LONG BEACH -- The city is set on Tuesday to formalize a one-year ban on new mortuaries, funeral homes and crematoriums that was passed last month after residents expressed concerns about the effects of such facilities.
A public hearing on the moratorium, intended to give Long Beach time to develop new regulations governing the funeral industry, will be held when the City Council meets at 5 p.m., 333 W. Ocean Blvd.
The freeze, sponsored by Councilman Gary DeLong, was proposed after residents objected to a funeral home located at Seventh Street and Newport Avenue taking steps to install an incinerator to cremate human remains.
Belmont Heights Funeral Center specifically chose the location because a crematorium was an allowed accessory use for a funeral home at the property. No embalming is done at the location, according to the center's director, Jonathan Polk.
Cremation is an increasingly popular choice in the United States, with 42 percent of the deceased choosing the option in 2011, according to the Cremation Association of North America. Only 6 percent of people were cremated in 1975.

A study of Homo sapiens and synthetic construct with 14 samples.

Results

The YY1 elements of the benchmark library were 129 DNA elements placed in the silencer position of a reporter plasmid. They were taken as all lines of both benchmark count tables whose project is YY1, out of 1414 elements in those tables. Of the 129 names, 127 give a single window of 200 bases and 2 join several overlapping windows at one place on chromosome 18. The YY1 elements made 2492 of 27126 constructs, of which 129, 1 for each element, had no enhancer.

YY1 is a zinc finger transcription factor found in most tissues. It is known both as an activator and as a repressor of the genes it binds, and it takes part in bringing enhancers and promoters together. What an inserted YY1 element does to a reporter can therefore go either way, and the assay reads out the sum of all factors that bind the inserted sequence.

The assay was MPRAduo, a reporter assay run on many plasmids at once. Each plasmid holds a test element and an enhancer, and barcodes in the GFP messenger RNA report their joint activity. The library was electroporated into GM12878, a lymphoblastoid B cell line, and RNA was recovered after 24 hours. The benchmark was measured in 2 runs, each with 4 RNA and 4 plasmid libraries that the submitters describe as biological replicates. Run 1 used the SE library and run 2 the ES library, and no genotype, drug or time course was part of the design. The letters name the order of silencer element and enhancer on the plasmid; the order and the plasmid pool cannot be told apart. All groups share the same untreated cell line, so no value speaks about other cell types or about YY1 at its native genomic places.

California has been consistently ahead of the national average. Of the 234,626 deaths reported in the state in 2011, 57 percent of the bodies were cremated, an increase of 6 percent from five years earlier.
Some worry that mercury from dental fillings in burning corpses present an airborne health risk, but industry officials say crematoriums are safe, well-regulated and meet all government air-quality standards.
The Environmental Protection Agency has estimated that crematoriums emit 320 pounds of mercury per year, though activists put the amount as high as three tons.
Even the higher figure is only 3 percent of the 100 tons of mercury that the EPA estimates is pumped into U.S. skies annually, mainly from coal-fired power plants and other industrial sources.
Long Beach's moratorium does not apply to any applications filed by mortuaries, funeral homes or crematoriums on or before Feb. 19.
Polk said the Belmont Heights Funeral Center was in the process of drawing up plans before the ban and submitted a letter of intent stating its desire to open a crematorium when it secured a business license last year.
"The city knew about our plans," said Polk. "It wasn't like it sprung up out of the blue. "
The funeral center is considering legal action, but Polk said, "We're not trying to make a big stink. We just want to be able to do business. "
The ban would expire no later than Feb. 18, 2014.